Yesterday I read about an episode in New York’s archdiocese that both saddened and angered me.
In response to a blog post by Cardinal Dolan asking sinners to metaphorically “wash their hands” before being fully welcomed by the church, a group of LGBTQ Catholics and their allies stood outside St. Patrick’s Cathedral with dirty hands. They were turned away.
I have a feeling that the operations manager who asked them to leave didn’t mean for his words to be taken literally, but Cardinal Dolan’s message was heard loud and clear: until you clean up your act, you aren’t really welcome here.
Below is a passage from Dolan’s post, titled “All are Welcome!” (Exclamation mark!!).
“It was a lesson I began to learn when I was seven or eight . . .
My buddy Freddie from across the street and I were playing outside. Mom called me for supper.
“Can Freddie stay and eat supper with us?” I asked.
“He’d sure be welcome, if it’s okay with his mom and dad,” she replied …
I was so proud and happy. Freddie was welcome in our house, at our table. We both rushed in and sat down.
“Freddie, glad you’re here,” dad remarked, “but . . . looks like you and Tim better go wash your hands before you eat.”
Simple enough . . . common sense . . . you are a most welcome and respected member now of our table, our household, dad was saying, but, there are a few very natural expectations this family has. Like, wash your hands!…”
Cardinal Dolan goes on to discuss how it’s natural for a community to have certain expectations, and he gives the example of how Jesus forgave the adulterous woman but told her to “sin no more.” Just as the church would love and respect an alcoholic, but not condone his behavior, Dolan argues, the church should love gay and lesbian people but not approve of their actions.
Many progressives don’t give conservatives like Cardinal Dolan the benefit of the doubt. I want to. I don’t think he’s trying to spread feelings of isolation and rejection on the part of the gay community, but that’s what’s happening. So I want to address this difficult topic and emphasize that the last thing I would want is for people to read this and feel hatred toward those who label “homosexual acts” as sinful.
The most obvious problem with Dolan’s column is that the church in the broadest sense disagrees over what even constitutes sin. Living with someone who is not a spouse and engaging in same-sex acts are two examples he gives of anti-Biblical behavior. But many of the individuals he’s addressing don’t believe that these kinds of actions are sinful, or at least don’t believe it’s on the same level as one of the other examples he gives of a wealthy employer taking an advantage of his employees. One of the first steps in engaging in a successful debate is defining terms, and it’s apparent that Dolan and a huge portion of the church, including the LGBTQ community, are nowhere near the same page.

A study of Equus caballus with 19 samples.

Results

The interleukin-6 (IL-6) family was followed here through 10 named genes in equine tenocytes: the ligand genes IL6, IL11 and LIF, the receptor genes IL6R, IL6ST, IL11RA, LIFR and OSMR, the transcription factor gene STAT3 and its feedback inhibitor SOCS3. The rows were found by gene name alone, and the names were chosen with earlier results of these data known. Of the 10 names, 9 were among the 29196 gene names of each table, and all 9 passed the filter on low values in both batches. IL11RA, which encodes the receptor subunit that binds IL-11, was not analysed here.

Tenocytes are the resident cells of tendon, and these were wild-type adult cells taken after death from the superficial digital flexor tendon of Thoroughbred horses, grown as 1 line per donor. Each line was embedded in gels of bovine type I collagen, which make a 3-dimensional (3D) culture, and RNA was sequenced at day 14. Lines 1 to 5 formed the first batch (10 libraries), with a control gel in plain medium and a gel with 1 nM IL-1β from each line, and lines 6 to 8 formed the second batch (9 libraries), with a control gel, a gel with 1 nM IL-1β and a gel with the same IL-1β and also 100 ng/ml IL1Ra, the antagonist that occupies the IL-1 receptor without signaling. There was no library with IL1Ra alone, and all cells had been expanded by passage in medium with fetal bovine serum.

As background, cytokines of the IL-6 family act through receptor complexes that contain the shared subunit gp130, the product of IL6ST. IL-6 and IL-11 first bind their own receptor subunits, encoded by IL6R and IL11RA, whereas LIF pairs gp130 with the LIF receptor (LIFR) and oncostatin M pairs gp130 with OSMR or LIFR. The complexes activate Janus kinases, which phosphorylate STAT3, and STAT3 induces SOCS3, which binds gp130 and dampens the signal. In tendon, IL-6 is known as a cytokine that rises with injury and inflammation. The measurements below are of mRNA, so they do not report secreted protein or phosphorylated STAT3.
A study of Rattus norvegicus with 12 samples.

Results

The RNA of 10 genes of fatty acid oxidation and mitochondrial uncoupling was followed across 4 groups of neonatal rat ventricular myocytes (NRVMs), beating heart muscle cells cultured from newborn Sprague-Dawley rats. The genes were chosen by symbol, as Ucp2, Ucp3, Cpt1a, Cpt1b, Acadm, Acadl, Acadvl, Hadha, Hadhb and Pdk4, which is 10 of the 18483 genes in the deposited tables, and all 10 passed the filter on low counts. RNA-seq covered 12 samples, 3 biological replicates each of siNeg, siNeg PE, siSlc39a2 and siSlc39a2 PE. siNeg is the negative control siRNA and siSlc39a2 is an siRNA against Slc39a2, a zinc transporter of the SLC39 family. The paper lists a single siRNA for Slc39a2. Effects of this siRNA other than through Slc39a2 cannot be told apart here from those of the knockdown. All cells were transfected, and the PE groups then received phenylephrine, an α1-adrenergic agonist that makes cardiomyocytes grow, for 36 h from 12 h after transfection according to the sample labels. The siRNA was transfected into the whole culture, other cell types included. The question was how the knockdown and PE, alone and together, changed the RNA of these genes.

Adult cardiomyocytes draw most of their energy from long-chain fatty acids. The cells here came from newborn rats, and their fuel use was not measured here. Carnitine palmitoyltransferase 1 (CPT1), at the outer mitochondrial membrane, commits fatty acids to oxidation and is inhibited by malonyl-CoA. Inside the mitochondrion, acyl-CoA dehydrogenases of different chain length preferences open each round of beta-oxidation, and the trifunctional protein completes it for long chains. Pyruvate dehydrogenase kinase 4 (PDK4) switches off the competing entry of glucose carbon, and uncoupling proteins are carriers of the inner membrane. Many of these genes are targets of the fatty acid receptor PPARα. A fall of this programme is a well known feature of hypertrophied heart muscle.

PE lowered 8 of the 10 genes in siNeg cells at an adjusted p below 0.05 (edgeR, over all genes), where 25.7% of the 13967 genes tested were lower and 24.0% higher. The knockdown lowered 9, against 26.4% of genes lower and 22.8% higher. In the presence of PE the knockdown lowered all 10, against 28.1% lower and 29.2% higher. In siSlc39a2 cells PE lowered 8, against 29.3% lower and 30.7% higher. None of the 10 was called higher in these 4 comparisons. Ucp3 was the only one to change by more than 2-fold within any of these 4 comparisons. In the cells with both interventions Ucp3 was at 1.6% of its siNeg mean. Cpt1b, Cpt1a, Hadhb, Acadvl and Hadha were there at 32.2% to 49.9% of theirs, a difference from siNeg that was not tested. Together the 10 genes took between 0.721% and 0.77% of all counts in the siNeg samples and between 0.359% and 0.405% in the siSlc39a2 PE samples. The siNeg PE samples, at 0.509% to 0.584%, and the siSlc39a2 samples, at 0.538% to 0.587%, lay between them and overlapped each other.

Sidestepping this admittedly huge issue for a moment, there’s another problem with the simplistic analogy Dolan gives to introduce this topic. Washing your hands is something you do in a couple minutes. You go to the sink, turn on the faucet, scrub your hands, and pat your palms dry. It’s something you do to yourself, it’s something that’s done without even a thought.
But who among us can say they’ve washed themselves of their sins? Even if you believe that “homosexual acts” are a sin–and personally, I don’t believe they are–it’s not in anyone’s power to quickly “wash up” before coming to the Lord’s table. Having clean hands is something that’s done to us–it’s an act of Christ himself. And that’s precisely why we need the table and the confessional, because we know all too well that without God’s grace and mercy, we’re at a complete loss. The LGBTQ community only hears the “but” in the statement “all are welcome,” and naturally, many of them feel they’re not welcome at Mass.
Moreover, it almost goes without saying that the Church has had its fair share of scandals, and so Dolan’s condescending language comes across as utterly hypocritical. Examining the proverbial plank in one’s own eye is often more productive than pointing out the speck in someone else’s. In other words, we’ve all got dirty hands.
I want to end this post on a sweet note, not a sour one. The best example of Catholic love for the LGBTQ community I’ve seen is in my own parish I’ve been able to attend since the summer, the Church of the Ascension. The church has a gay fellowship, and Ascension as a whole is very vocal about the fact that all are welcome. No buts. Perhaps in their fellowship sessions parishioners wrestle with who they are, and with what’s right, and how they are called to live. But no one tells them they’ve got to clean up their act before we welcome them, because that’s their own journey. Instead, we all go to the table together, because we know with God’s grace our dirty hands will be made clean.